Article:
I’m always fascinated by guys who holster a big multi-tool on their belts, but who don’t work in the trades. What’s going on at the office all day that they feel compelled to arrive prepared to tackle any DIY emergency? And how many times a day are they fixing the copier or the coffee machine or the sliding door to the main conference room to make it worth strapping that damn thing on every morning?
I wonder because I’ve actually debated wearing ⏤ or at least toting in my bag ⏤ the giant sheathed multitool I own but that rarely leaves my toolkit. It seems wasted sitting in the garage and having it on my person would at least ensure I’m prepared for every possible contingency. In the end, though, I always decide against. For two reasons: First, short of seeking out projects when I should be working, I don’t have enough stuff to fix every day to warrant lugging the thing around; and second, I love my Leatherman Juice CS4, a much smaller multi-tool that fits in my pocket when I do need to take it somewhere, and that always gets the job done.
The CS4 is part of Leatherman’s Juice series, which debuted in 2001, and includes seven models that function as much like Swiss Army knives as they do full-fledged multi-tools. Depending on the version, they include anywhere from two to 18 tools and cost between $20 and $80. In addition to their pocket size, they stand out from other Leathermans thanks to their textured aluminum handles in multiple colors.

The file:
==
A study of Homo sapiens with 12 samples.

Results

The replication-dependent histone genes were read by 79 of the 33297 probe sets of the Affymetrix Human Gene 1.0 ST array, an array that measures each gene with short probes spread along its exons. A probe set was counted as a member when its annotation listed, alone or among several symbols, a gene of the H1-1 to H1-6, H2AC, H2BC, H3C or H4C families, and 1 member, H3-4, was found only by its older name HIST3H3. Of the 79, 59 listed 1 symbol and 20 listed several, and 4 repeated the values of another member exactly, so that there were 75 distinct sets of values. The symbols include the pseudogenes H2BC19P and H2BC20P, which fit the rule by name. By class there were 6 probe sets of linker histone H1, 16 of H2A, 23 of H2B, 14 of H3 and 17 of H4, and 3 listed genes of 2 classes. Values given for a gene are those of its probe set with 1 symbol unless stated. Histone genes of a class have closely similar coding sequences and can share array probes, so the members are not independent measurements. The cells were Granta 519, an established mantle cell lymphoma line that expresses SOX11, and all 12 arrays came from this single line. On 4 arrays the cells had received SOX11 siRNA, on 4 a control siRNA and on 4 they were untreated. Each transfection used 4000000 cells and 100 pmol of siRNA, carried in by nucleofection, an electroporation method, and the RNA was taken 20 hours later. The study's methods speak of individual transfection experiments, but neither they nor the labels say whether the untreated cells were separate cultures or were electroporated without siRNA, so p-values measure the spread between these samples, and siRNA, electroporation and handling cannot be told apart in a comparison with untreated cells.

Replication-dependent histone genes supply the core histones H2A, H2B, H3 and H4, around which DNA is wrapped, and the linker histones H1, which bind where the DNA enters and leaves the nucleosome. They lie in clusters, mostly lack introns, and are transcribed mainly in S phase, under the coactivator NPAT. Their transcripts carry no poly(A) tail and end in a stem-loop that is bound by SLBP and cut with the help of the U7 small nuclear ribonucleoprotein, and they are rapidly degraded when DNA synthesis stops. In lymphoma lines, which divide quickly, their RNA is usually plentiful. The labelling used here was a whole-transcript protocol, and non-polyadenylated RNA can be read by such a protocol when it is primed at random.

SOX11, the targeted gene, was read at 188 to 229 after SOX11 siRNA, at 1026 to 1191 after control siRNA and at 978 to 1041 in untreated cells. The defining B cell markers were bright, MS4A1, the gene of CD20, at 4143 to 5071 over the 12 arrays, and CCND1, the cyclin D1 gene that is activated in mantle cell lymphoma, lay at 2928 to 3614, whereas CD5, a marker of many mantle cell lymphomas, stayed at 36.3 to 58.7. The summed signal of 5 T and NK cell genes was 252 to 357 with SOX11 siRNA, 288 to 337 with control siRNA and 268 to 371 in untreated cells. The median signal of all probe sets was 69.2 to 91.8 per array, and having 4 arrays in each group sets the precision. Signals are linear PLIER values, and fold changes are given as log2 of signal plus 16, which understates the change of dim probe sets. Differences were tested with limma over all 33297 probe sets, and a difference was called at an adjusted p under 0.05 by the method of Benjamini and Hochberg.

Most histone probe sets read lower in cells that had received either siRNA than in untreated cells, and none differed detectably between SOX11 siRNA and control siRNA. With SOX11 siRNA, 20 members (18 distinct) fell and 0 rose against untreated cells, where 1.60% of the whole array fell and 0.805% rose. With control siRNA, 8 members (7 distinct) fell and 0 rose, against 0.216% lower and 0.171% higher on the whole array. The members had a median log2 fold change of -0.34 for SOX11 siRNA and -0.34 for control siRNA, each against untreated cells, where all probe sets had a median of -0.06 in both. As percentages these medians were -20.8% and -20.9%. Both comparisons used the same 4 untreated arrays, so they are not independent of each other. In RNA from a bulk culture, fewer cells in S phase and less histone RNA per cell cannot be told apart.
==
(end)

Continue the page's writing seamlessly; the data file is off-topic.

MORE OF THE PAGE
The $80 CS4 sits atop the Juice ladder in terms of price and function. It measures only 3.25-inches closed (the blade is 2.27 inches) but packs 16 tools, including both needle-nose and regular pliers, wire cutters, four screwdrivers, and spring-action scissors. Also, a saw, which admittedly I don’t use much around the house but love having when we go camping or hiking ⏤ along with the can opener and corkscrew. I never hit the trails without it and almost always take it on trips, assuming I’m checking my luggage. Plus, it easily fits in a side pocket on my work bag.
I’ve had my CS4 for almost 15 years now, even before they introduced the textured handles, and it’s hands down our go-to tool for almost every quick-hit house repair. It lives exactly where Leatherman intended it to, in our kitchen junk drawer ⏤ so it’s readily available for everything from installing blinds to opening boxes from Amazon. It may not get called into action every day, but it’s on the counter a lot.
Is the CS4 a replacement for that bigger multitool in the garage? Of course, not. In fact, using the screwdriver can sometimes be uncomfortable and awkward depending on the length/angle of the screw. But for its size and functionality, it’s a must-have for everyday repairs ⏤ whether at home, camping, or yes, even in the office kitchen. Better still, I don’t have to remember to strap it on my belt every morning.